Key Points:

Muslims around the world recently began Ramadan fasting. No doubt many will be asking for divine assistance in improving the state of the broader Muslim world.

The answer to their prayers might be found in two Prophetic sayings: 1. If you wrong someone, God won't forgive you until you are forgiven by the person you wronged; and 2. Beware the cry of the oppressed person against you as God hears their cries even if they don't believe in God.

Muslim women make up at least 50 per cent of their communities. It is a great injustice to pretend gender-based violence is limited to or characteristic of Muslim countries.

But it would be a greater injustice for Muslim men to remain silent when gender-based violence does occur.

Unless and until Muslim men do something to stop the cycle of violence against women, they will continue to earn the consequences of oppressed women crying to God against them.

Recent events in Pakistan illustrate the need for Muslim men to no longer remain silent. Some decades back, Pakistan changed from being a secular state to officially an Islamic republic, in honour of the ethno-religious ideals of Muslims of the Indian sub-continent.

Yet important sources of religious honour and sacred law are ignored, if not trampled on.

Pakistan's Information Minister Sherry Rehman was quoted in Pakistan's Daily Times praising a unanimous resolution of the Pakistan Senate condemning the so-called honour killing (and burial alive) of women in the Baluchistan province of Pakistan on July 13.

"This is a very encouraging sign, since earlier such acts would always receive a divided response from both the Houses," she said at a news conference.

Perhaps she was not present when her colleague, one Senator Israr Ullah Zehri from Baluchistan, used the Senate debate to effectively defend honour killings as "our norms" which should "not be highlighted negatively".

In pre-Islamic Arabia, infant girls were often buried alive. An early verse of the Koran speaks of the fires of hell being kindled in response to the suffering of victims of major crimes, including female infants buried alive.

"When the girl-child who was buried alive is questioned - for what possible crime could she be killed?"

Muslims often speak with pride about how such gender-based ignorance and the brutality of female infanticide was stamped out by Muhammad some 14 centuries ago. Yet in this century, five adult women have been buried alive in the self-styled Islamic republic.

Something is rotten in the republic of Pakistan. Indian Islam is the religious culture that inspired the king of what was then the world's wealthiest empire to build a tomb - the Taj Mahal - in honour of his wife. Centuries later, violence against women is still a common feature of South Asian (including Muslim) societies.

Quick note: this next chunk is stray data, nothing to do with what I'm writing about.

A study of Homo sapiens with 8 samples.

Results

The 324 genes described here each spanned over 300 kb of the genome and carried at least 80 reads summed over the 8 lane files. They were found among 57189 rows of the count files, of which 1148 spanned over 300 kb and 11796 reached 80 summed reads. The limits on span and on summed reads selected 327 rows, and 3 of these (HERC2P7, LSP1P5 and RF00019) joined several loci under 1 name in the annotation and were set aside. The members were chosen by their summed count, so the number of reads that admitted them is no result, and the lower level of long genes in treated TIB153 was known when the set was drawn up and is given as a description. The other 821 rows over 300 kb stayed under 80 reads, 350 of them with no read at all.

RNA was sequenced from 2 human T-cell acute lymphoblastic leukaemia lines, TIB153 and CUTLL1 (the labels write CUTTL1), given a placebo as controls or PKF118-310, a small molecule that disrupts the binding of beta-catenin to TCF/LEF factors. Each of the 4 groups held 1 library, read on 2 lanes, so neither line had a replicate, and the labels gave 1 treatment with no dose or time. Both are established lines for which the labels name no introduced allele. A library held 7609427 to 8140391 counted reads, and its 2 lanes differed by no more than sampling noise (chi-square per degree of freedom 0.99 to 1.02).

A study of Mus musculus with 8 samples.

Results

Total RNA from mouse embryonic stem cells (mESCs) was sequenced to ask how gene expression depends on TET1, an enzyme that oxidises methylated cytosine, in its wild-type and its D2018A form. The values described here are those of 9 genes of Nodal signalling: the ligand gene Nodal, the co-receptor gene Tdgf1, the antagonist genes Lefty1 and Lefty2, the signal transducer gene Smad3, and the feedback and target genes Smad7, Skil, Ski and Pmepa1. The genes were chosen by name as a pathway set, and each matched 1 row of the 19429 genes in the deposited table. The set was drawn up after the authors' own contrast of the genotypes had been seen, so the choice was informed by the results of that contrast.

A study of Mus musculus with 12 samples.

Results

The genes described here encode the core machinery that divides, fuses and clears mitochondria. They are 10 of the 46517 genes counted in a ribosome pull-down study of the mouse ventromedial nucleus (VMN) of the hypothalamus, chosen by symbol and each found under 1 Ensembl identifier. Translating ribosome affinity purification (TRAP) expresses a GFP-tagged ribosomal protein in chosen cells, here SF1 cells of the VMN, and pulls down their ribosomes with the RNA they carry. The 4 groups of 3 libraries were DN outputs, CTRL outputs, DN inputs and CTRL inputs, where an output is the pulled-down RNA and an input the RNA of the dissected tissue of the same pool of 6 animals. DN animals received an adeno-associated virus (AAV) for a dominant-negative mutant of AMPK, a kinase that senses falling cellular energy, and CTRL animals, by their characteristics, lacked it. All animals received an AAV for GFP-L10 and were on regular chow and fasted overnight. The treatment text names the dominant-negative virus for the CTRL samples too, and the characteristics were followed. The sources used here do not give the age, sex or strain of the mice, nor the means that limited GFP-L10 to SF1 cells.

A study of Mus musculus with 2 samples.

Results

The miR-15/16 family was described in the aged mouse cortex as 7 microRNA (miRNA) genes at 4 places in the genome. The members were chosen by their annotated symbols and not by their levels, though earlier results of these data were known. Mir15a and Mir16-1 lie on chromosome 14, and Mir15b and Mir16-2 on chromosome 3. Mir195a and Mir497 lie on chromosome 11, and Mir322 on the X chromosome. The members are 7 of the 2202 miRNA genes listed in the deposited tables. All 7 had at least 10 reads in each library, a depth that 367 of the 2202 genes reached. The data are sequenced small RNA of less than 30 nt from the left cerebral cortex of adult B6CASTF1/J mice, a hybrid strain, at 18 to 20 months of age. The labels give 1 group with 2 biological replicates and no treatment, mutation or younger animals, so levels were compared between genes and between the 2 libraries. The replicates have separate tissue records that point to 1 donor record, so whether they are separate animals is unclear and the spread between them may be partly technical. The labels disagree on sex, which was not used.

In 2004, a Pakistani woman named Mukhtar Mai was sentenced by village elders to be gang-raped in a sad form of collective punishment against her family.

Her crime was that her teenage brother dared talk to a woman from a higher caste. In her 2006 memoir In the Name of Honour, Mukhtar Mai explains why her family chose her to apologise to the higher caste members.

"Your husband has granted you a divorce, you have no children, you teach the Koran. You are a respectable woman!" her father explains. Yet Mukhtar Mai's gang-rape, apart from having no religious sanction, could hardly be described as showing honour to respectable women.

Mukhtar Mai acknowledges her village imam was initially powerless to stop men from a more powerful caste attacking her. The imam did, however, support and assist her in prosecuting the perpetrators.

Muslim leaders often boast of the grandeur of Muslim civilisation. But what made yesteryear's Muslims so great? There is a centuries-old story of one Iraqi woman who was kidnapped by the Byzantine Empire.

The Caliph in Baghdad wrote a letter threatening to send an army whose length stretched from Baghdad to Byzantium unless she was released unharmed.

Today, few presidents, kings and generals of Muslim-majority states have enacted laws protecting women from domestic violence. Indeed, some governments (such as those in Pakistan) are selectively implementing religious laws in a manner that compounds the injustice to victims.

Worse still, those responsible for enforcing the law - police and the judiciary - are open to bribery by the usually wealthier male perpetrators.

I wish more Muslim men would stop justifying theology or pointing to historical precedents and address current gender realities in Muslim communities. Violence against women is a men's issue.

The situation for Muslim women such as Mukhtar Mai and the Baluchistan victims won't change until men take action. Because if men stay silent, they are effectively lending a hand to the perpetrators.

Women in Muslim communities aren't the only victims. A 2005 study from the New South Wales Bureau of Crime Statistics showed that domestic violence episodes in NSW cities increased over the previous seven years by more than 40 per cent.

In an address last month to a domestic violence conference in Hawkes Bay, Justice Minister Annette King noted that family violence offences last year increased by 31.5 per cent.

Men of all denominations really have only two choices when it comes to violence against women - speak out, or condone the perpetrators through silence.

* Irfan Yusuf is a Sydney lawyer and writer.